Neal Katyal is the former acting solicitor general. In an interview with Variety, he lays out possible scenarios for how the Supreme Court will decide Obergefell v. Hodges, which addresses same-sex marriage — but does not guarantee equal rights in other areas for LGBT people.
What do you see as the different scenarios for the way in which the court could rule?
Basically there are two boxes. One is that marriage equality is constitutionally compelled, that even if 100% of the people in a state want these prohibitions on same-sex marriage and they want to limit marriage to a man and a woman, that is unconstitutional, across the table. And the state can’t do it. That is the view of almost every court to hear this issue in the last two years.
The other big box is, no, we live in a democracy, and in a democracy it is the public who gets to decide questions about who can marry whom. That is the view the Court of Appeals for the 6th Circuit in Ohio took, which has now gone to the Supreme Court.
Now there are more complicated possibilities. Probably the most obvious one is that the court asks the parties to answer two questions. One is: Is a state compelled to recognize same-sex marriage, and the second question is, if they are not compelled to recognize it, what about if someone is married in another state, do they then have the full rights of marriage if they move to a state that generally doesn’t permit same-sex marriage?
Some people before the oral argument thought that is a compromise option: “We are not going to require all 50 states to recognize same-sex marriage, but we will say that if people get validly married in one state, they can travel to other states and have their marriage recognized.” That was floated as a compromise option.
I think the oral arguments and the briefing by the parties really underscored that was an unlikely possibility for the court because they really have to decide the ultimate big question: What does the Constitution say about the right to marriage? If they they think it is truly unconstitutional, they are going to strike down these prohibitions, and if they don’t, then they are going to leave them standing.
If they do find that it is unconstitutional, what impact could it have on other areas, like workplace discrimination?
It depends on what they say, but not a huge amount on the private sector. Strictly speaking as a legal matter, I think it is a kind of social, cultural, even government legislation matter if the Supreme Court rules in favor of same-sex marriage. It will certainly be a shot in the arm to those who advocated for anti-discrimination in other aspects of life besides marriage. But strictly speaking, legally no.
The reason is that the Constitution only prohibits illegal state action, illegal government action. It doesn’t speak to what private citizens can do. For that, you need separate laws. And that is why, for example, Title 7 prohibits discrimination in employment for private employers. So even though it is unconstitutional for the federal government to discriminate on the basis of race, we still needed Title 7 to do that in the private marketplace. And the same thing is true here.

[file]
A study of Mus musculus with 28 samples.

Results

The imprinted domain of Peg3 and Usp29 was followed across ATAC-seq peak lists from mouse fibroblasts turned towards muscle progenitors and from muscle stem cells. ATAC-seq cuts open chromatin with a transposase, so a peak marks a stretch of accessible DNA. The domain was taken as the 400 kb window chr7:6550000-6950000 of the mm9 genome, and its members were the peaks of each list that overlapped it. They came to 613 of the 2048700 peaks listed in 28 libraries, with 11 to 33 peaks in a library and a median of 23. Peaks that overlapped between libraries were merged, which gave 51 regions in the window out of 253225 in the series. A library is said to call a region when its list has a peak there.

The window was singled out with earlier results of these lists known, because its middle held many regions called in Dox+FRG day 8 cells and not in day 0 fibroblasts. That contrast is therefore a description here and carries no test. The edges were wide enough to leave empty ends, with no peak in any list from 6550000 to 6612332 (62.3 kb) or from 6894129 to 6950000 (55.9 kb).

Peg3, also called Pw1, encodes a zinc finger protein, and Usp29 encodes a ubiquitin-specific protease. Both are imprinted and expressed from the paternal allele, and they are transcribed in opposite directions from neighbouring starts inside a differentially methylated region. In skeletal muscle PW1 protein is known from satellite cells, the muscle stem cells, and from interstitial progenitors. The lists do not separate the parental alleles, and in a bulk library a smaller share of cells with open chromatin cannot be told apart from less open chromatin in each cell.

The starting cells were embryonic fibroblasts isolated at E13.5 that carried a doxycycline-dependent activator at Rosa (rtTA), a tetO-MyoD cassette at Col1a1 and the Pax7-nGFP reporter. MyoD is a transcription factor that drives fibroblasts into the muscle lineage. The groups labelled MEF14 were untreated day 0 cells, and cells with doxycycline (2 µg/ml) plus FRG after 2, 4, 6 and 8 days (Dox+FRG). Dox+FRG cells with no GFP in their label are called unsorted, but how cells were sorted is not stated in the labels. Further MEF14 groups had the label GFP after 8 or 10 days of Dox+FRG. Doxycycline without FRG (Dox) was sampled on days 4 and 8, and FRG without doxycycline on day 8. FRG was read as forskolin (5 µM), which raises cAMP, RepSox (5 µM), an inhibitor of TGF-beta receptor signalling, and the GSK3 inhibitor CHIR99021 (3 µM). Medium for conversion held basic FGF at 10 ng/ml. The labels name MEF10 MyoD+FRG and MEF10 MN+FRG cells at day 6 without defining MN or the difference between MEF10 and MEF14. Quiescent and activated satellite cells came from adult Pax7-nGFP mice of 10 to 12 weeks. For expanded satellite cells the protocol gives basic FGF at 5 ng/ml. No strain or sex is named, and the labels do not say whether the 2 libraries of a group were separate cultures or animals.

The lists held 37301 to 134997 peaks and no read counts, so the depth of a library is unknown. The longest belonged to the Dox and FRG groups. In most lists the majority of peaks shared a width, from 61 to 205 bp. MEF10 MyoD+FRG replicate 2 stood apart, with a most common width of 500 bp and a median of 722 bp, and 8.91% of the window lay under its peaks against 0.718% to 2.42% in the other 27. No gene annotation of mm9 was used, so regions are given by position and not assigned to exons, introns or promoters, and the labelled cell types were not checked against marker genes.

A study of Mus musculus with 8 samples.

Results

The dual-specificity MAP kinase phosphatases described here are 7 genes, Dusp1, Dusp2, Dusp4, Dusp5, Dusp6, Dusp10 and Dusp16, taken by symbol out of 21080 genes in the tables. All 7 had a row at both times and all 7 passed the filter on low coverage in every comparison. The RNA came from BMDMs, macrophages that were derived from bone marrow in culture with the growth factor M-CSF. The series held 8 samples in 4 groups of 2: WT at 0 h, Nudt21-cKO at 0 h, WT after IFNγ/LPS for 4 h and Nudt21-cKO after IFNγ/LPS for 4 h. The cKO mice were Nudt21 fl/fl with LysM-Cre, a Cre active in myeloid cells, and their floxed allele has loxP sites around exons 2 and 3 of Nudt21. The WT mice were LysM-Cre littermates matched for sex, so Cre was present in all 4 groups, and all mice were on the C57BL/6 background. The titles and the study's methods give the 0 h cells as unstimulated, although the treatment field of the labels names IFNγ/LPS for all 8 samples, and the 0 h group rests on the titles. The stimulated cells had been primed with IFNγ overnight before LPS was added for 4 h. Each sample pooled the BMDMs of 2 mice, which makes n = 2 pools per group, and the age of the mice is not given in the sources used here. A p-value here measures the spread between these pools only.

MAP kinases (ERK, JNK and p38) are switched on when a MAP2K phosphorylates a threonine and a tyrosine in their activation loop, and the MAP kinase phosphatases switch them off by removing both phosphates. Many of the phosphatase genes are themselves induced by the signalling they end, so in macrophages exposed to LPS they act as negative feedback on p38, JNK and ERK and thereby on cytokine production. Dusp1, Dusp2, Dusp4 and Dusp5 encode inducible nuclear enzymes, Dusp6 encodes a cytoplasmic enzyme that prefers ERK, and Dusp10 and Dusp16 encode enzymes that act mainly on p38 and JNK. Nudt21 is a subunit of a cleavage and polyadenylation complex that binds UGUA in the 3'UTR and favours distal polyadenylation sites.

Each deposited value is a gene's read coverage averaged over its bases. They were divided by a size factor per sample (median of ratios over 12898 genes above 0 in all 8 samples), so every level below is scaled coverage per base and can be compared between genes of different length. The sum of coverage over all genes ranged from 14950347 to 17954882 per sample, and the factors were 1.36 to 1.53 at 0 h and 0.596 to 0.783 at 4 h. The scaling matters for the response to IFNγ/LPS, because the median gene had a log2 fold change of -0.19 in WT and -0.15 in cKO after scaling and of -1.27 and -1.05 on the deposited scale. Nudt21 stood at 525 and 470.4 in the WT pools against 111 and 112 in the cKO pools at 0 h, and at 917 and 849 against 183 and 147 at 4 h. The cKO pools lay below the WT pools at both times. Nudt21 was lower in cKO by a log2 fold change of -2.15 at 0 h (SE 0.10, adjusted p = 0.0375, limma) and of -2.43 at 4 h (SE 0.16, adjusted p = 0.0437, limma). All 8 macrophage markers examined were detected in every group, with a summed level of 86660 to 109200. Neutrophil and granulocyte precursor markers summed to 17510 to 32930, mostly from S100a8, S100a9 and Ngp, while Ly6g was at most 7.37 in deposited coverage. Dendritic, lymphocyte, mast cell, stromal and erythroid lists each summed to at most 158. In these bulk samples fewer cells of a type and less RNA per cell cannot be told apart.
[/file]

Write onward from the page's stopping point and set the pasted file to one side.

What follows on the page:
States obviously are the only ones who can issue marriage licenses, and so the court’s ruling will declare that policy constitutional or unconstitutional, but it won’t directly speak to what happens in the private sector, whether it be housing or employment or anything else.
What are the implications if the court determines that LGBT Americans are a protected class?
I think it may have very powerful implications. Legally, if they say that there is some heightened scrutiny that must apply, then we are dealing with discrimination against the LGBT community; it might mean that whenever the federal government or the state government discriminates in employment or housing or anything else against those folks, that those would be presumptively illegal. That is one thing.
Then there is the non-legal question: If the court really does strike down these marriage prohibitions, it is going to be a landmark decision. Something that is probably the only decision in our lifetime that our children will know by name. It is going to be that big of a deal. I think the symbolism of that will have powerful radiating effects, apart from the strict legal impact of the decision in terms of bringing the LGBT community into a world in which they don’t face the horrible discrimination that they faced since the nation has been with us.
If the court rules against same-sex marriage, what does it mean for existing same-sex marriages?
I suspect the court wouldn’t get into that if they decide to affirm the court of appeals decision saying marriage prohibitions are OK. I think they would leave that for the lower courts to decide. But I think one of the solicitor general’s most powerful arguments at the oral argument was saying, “Look, you are talking about families and children; if you are really concerned about that, if you adopt what these states are saying, defending these bans will put you in legal limbo. All of these marriages that have already happened.”
I suspect that is going to give the court a lot of pause. We have seen tens of thousands of these marriages, and lo and behold, the sky hasn’t fallen, and the idea that states now could revoke the very licenses that they now issued is troubling to anyone on any side of the issue.
Isn’t it still significant if the court does that compromise?
That is exactly right. That is why I think it is unlikely as an option. The chief justice referred to this at the oral argument. He said, “If that is the rule, then we are effectively creating a national rule for same-sex marriage.” Some people may not be able to afford to travel to a state that recognizes them, so it may not be perfectly mirroring a rule of same-sex marriage, but it would be close. That is why what looks like a compromise option turns out to not be much of a compromise.